Here's the Goodreads Synopsis:
After a brutal nuclear war, the United States was left decimated. A small group of survivors eventually banded together, but only after more conflict over which family would govern the new nation. The Westfalls lost. Fifty years later, peace and control are maintained by marrying the daughters of the losing side to the sons of the winning group in a yearly ritual.YA Dystopians make up the largest single genre that I read, and trust me when I say, this is one of the best Dystopians I have ever read. In my life. Ever. This could be because it is one of the best books I have ever read. Ever.
This year, it is my turn.
My name is Ivy Westfall, and my mission is simple: to kill the president’s son—my soon-to-be husband—and restore the Westfall family to power.
But Bishop Lattimer is either a very skilled actor or he’s not the cruel, heartless boy my family warned me to expect. He might even be the one person in this world who truly understands me. But there is no escape from my fate. I am the only one who can restore the Westfall legacy.
Because Bishop must die. And I must be the one to kill him…
For starters, the world-building is so spot on, realistic, and simple that I can picture every aspect of the world. The descriptions that Engel provides are so absolutely dead on--I've made it known before that I am from the wonderful state of Missouri. In chapters one and two, when Engel is describing the terrain and scenery, I legitimately thought 'This sounds a lot like the Lake.' (The Lake of the Ozarks for those of you not from the Midwest. And then! AND THEN! It was!!! Engel set this wonderful book in my own backyard, and she described it so well that I knew before it was explicitly stated!
This is the kind of place she's talking about people, Ivy and Bishop LIVE HERE! I can see it!The government and the way the society runs is so realistic, I mean, absolutely dead on. I didn't see any holes whatsoever in this aspect of the book--and I'm usually pretty harsh on dystopian governments. Ivy's grandfather lost the battle for control of Westfall--he wanted to replicate the previous American government system of democracy. Bishop's grandfather won--he created a dynasty-controlled system. Very controlling, from the perspective of the Westfalls, with arranged marriages and harsh punishments for breaking the rules. (Side note: As a person who holds a Bachelor's in Political Science, these rules are pretty much Rebuilding Society 101, and make the most sense I have ever seen narrated in a YA Dystopian.)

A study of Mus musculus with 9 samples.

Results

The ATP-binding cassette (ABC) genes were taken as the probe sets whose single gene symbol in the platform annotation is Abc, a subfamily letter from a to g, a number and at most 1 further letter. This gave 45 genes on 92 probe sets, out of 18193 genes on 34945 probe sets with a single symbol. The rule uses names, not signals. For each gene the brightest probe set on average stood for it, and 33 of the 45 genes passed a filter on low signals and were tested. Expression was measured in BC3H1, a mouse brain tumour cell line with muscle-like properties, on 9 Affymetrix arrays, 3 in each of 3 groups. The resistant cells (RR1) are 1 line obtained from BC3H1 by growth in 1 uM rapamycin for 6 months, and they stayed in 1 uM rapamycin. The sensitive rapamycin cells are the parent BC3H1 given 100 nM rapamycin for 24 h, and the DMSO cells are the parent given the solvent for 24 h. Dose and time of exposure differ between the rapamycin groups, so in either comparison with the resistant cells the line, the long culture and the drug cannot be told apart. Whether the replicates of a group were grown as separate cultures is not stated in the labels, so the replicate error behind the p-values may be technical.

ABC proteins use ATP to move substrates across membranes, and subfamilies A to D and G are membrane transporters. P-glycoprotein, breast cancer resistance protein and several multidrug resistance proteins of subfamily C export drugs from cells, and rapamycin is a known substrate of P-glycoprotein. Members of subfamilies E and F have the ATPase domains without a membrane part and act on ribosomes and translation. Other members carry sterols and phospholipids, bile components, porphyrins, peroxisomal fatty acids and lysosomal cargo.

The forethought and realism doesn't stop with the world-building. Ivy Westfall is honest and relatable. Her emotional moments are raw and moving. And Bishop isn't your standard "forbidden fruit" dystopian dude, nope, he fits into the world perfectly. He has stories, moments, and emotions all his own. He is honest and his relationship with Ivy is timed perfectly. There are no super-dramatic, forced--except those that add to the story.
The end. My God. The end! My mouth was left hanging open throughout the last two chapters. And then I almost cried when I saw that the follow-up doesn't come out until November 2015! I don't know if I can wait that long. Heck, I KNOW I can't wait that long.
This book is absolutely wonderful, and I encourage you to pick it up immediately. I read it all in about 24 hours, and shushed my husband about 45 times.
Please read this amazing story by Amy Engel, you'll only thank yourself if you do.
If you can't tell, I give this book, overall, a 5/5 STARS, but that's only because I can't give it ONE MILLION/5 STARS.
I want to make a comment about Entangled Teen publishers--this is the third author that I have read represented by them (Jennifer L. Armentrout, Alison Kemper, and now Engel), and I have been completely blown away by all three. I get their e-mails weekly in my inbox, and I can't say that I'm one for the super adult romance novels that they push, but I cannot get enough of these authors. They are choosing to rep authors that write strong, relatable, and funny main characters, and stories that keep me reading until I read the end.
I just wanted to take a moment to commend them on the phenomenal YA books they are putting out, and encourage them to push these authors to the forefront when advertising to readers like myself. I am one million times more likely to read a book about zombies by Alison Kemper than a modern, corset-heaving romance.